Commercial Division Blog
Discovery About Litigation Financing Not Relevant
On April 28, 2022, the First Department issued a decision in Worldview Entertainment Holdings, Inc. v. Woodrow, 2022 N.Y. Slip Op. 02891, holding that document demands concerning "litigation financing and witness payments" were not relevant to any claim or defense in the case, explaining:
The court properly denied defendant's motion to compel discovery from plaintiffs. While plaintiffs waived their right to object generally to defendant's demands by failing to respond timely with the requisite particularity (CPLR 3122[a]), the three general categories of discovery defendant seeks on appeal are palpably improper (see Khatskevich v Victor, 184 AD3d 504, 504-505, 124 N.Y.S.3d 178 [1st Dept 2020]; Zurich Ins. Co. v State Farm Mut. Auto. Ins. Co., 137 AD2d 401, 401- 402, 524 N.Y.S.2d 202 [1st Dept 1988]).
First, there were no pending alter ego claims when the court issued its February 2021 order.
Second, while [*3] defendant argues that he needs discovery about plaintiff Worldview Entertainment Holdings Inc.'s operations after he was terminated, because it will support his claim that Cestone and Conners breached fiduciary duties by mismanaging the company, as indicated, there were no pending direct claims against Cestone and Conners, including breach of fiduciary duty, as of February 2021.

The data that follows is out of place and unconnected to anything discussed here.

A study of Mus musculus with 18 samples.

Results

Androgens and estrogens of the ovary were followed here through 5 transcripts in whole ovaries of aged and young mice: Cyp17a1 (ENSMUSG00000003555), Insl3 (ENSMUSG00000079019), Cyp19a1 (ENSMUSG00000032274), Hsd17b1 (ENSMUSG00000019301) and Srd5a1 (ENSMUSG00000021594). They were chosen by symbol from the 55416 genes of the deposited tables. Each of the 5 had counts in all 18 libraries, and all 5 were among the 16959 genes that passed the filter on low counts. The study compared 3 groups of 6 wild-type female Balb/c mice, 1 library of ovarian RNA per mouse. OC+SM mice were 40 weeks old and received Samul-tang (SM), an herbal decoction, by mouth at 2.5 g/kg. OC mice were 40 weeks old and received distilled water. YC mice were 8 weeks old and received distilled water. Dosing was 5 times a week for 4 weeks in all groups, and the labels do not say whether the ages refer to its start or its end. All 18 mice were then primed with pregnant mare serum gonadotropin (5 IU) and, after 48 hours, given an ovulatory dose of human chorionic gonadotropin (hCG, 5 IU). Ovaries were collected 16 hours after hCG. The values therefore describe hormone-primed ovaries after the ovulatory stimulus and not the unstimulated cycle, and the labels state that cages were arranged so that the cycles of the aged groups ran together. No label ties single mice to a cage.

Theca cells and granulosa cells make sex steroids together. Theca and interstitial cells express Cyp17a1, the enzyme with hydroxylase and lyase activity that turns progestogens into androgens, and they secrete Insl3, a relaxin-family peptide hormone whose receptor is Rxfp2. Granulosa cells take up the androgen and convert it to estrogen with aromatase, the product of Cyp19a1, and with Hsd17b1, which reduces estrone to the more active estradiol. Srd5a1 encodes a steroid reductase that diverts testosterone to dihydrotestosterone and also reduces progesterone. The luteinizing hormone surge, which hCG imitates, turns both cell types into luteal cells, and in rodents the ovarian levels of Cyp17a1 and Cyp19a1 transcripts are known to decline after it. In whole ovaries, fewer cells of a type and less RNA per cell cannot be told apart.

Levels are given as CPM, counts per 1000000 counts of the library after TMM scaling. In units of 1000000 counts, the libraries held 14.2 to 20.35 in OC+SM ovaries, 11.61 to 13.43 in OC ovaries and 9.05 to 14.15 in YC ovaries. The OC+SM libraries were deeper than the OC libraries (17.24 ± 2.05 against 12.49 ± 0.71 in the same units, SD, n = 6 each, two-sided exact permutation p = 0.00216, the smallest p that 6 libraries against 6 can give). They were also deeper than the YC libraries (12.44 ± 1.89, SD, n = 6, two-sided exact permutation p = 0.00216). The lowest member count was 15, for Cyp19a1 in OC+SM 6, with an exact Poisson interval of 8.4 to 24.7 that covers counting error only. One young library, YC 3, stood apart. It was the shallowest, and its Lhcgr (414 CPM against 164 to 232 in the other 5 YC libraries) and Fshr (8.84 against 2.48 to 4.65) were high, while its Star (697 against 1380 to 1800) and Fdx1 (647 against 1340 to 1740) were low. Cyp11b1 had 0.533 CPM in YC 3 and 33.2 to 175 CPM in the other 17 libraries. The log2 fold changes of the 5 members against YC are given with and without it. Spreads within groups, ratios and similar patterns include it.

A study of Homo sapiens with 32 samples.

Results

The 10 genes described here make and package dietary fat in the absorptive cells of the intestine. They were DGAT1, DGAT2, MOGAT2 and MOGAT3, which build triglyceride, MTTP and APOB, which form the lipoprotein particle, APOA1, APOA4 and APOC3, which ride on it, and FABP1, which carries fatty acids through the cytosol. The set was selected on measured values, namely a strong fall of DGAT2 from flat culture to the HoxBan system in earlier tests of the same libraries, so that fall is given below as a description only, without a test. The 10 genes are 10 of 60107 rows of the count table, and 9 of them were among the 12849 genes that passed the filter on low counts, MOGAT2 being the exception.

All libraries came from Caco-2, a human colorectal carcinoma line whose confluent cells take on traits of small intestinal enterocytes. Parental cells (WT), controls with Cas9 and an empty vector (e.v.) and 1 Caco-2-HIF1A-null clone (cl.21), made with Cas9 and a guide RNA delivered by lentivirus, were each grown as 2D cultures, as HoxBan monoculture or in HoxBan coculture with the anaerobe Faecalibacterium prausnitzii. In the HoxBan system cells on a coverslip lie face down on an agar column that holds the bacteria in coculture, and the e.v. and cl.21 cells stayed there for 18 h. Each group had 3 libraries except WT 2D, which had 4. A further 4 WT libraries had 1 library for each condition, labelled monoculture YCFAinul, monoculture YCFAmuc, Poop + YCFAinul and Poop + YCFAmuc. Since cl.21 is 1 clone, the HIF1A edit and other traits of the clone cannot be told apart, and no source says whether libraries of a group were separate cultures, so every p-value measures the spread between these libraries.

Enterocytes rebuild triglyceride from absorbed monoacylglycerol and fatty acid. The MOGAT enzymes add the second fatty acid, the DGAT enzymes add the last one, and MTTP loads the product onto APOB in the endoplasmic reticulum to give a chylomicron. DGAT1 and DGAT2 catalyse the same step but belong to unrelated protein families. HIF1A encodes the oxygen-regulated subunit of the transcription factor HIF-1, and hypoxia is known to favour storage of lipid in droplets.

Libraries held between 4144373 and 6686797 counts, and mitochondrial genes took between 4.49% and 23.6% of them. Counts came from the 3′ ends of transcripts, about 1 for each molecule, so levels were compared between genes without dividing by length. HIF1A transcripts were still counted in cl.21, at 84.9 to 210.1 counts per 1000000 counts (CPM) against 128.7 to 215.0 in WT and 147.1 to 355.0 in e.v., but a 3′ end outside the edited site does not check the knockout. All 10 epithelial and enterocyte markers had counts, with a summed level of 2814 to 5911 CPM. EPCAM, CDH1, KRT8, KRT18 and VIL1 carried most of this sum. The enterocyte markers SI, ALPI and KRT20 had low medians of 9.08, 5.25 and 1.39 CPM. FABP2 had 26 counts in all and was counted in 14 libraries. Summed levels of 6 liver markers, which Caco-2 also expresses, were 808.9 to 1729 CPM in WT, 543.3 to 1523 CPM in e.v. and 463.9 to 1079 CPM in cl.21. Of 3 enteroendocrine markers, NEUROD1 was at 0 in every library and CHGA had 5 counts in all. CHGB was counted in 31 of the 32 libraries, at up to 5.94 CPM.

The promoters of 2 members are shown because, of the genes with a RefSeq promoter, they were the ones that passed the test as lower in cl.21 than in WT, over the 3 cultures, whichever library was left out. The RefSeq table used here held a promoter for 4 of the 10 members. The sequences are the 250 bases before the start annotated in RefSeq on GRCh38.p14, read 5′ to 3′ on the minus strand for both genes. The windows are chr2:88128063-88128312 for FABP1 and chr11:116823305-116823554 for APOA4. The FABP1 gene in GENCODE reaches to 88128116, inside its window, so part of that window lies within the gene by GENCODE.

Third, defendant has not explained how discovery about litigation financing and witness payments would support or undermine any particular claim or defense.
Given the prevalence of litigation funding in commercial litigation, the extent to which a defendant can seek information about the plaintiff's funding arrangements has significant consequences. Contact the Commercial Division Blog Committee at email@example.com if you or a client have questions about litigation funding and to what extent your funding arrangement is discoverable.